The more than 2,500 survivors living in so-called tent cities in Tacloban City appear to be a clear proof of the slow response and failure of the national government to put them in houses five months after the onslaught of Super Typhoon Yolanda.
Tacloban City, capital of Leyte province in the Visayas region, was the hardest hit by the November 8, 2013 typhoon that killed thousands of people and destroyed billions in property in the region and a few other neighboring provinces and cities.
In an interview, Federico Anido, chairman of the City Disaster Risk Reduction and Management Council-Tacloban, said the national government is yet to hand over the national fund to the local government unit. The fund is needed to house more than 400 to 500 families or roughly 2,500 individuals who are still staying in the tent cities.
Bunkhouses provided by the Department of Public Works and Highways, he pointed out, were only good for 1,200 families, when 14,000 families were displaced by Yolanda in the whole city of Tacloban.
“The No. 1 reason [why the survivors are still here and living in tents]is the insufficient number of bunkhouses provided by the national government,” Anido said.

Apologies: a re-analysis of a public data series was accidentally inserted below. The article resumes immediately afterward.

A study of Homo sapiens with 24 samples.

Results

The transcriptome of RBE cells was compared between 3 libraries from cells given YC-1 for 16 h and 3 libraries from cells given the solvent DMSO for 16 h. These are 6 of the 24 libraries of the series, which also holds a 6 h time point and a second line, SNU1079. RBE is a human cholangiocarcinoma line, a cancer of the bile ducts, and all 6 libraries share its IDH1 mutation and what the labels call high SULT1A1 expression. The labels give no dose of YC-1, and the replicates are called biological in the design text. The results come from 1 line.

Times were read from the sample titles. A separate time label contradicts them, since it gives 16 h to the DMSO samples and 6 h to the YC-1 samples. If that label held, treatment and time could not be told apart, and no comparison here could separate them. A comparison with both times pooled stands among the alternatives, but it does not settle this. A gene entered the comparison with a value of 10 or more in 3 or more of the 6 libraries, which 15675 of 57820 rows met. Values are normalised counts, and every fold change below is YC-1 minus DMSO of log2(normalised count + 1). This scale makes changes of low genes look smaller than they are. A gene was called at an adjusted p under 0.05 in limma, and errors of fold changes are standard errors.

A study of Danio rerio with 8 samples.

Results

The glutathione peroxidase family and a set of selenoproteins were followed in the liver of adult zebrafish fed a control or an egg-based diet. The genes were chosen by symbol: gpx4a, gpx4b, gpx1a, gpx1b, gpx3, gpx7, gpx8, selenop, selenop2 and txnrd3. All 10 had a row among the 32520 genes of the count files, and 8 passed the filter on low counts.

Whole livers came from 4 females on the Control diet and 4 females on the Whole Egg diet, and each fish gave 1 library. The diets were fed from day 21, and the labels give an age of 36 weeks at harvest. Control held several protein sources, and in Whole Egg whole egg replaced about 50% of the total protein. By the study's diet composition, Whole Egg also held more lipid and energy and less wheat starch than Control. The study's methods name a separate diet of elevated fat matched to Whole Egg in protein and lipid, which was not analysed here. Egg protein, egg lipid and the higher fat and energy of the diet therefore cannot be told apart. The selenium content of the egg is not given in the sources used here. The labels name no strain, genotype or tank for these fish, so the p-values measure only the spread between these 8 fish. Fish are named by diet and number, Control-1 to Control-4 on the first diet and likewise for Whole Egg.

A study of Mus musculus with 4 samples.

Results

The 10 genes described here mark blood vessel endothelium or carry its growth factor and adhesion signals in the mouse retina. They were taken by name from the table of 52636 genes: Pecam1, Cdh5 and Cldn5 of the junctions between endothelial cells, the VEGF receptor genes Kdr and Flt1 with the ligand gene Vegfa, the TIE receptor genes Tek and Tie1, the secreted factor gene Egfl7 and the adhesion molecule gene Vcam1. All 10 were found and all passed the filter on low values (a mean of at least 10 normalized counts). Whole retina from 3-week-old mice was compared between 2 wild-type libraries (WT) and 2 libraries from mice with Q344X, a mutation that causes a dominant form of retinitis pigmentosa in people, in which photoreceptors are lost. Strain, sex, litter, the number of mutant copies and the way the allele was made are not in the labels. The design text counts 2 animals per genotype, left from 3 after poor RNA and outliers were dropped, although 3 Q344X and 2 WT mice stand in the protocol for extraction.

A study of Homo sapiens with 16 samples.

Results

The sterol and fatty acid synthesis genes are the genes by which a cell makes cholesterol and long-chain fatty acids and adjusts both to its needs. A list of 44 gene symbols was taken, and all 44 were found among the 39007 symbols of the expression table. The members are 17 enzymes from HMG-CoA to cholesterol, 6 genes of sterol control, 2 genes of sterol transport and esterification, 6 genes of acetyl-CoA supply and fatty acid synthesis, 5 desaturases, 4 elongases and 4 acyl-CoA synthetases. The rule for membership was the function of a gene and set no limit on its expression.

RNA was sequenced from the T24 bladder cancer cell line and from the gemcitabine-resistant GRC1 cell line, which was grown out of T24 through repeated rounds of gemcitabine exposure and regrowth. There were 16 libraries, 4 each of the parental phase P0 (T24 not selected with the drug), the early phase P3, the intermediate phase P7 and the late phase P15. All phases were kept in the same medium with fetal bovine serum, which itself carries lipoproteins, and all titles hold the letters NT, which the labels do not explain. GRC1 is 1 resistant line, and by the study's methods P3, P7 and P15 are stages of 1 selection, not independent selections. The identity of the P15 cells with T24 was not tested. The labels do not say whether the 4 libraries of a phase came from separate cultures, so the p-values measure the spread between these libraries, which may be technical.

The economy in the city, he added, is down, noting that only 1,500 business establishments out of a total of 7,000 had reopened.
Tacloban City, classified as a highly urbanized city or HUC, is the business hub of Eastern Visayas.
The Department of Energy has restored power to only 60 percent of affected areas in the city, Anido said.
He added that the city government had identified a relocation site for permanent houses for the survivors but it will take some time to develop the site and build the houses.
The Department of Interior and Local Government (DILG), he said, recently released P200 million for reconstruction of public markets, schools and roads.
But the DILG said the money cannot be used “to reconstruct houses for Yolanda survivors.”
Anido appealed to the Department of Social Welfare and Development to provide sustainable livelihood or a cash-for-work program so that the Yolanda survivors would be able to earn income on their own.
The People Surge, an alliance of Yolanda survivors in Tacloban City, is set to organize massive demonstrations in various areas in the city and in nearby Samar province to air their grievances about the supposedly slow response of the government to the plight of the Yolanda survivors.
Samar was also hit hard by the super typhoon.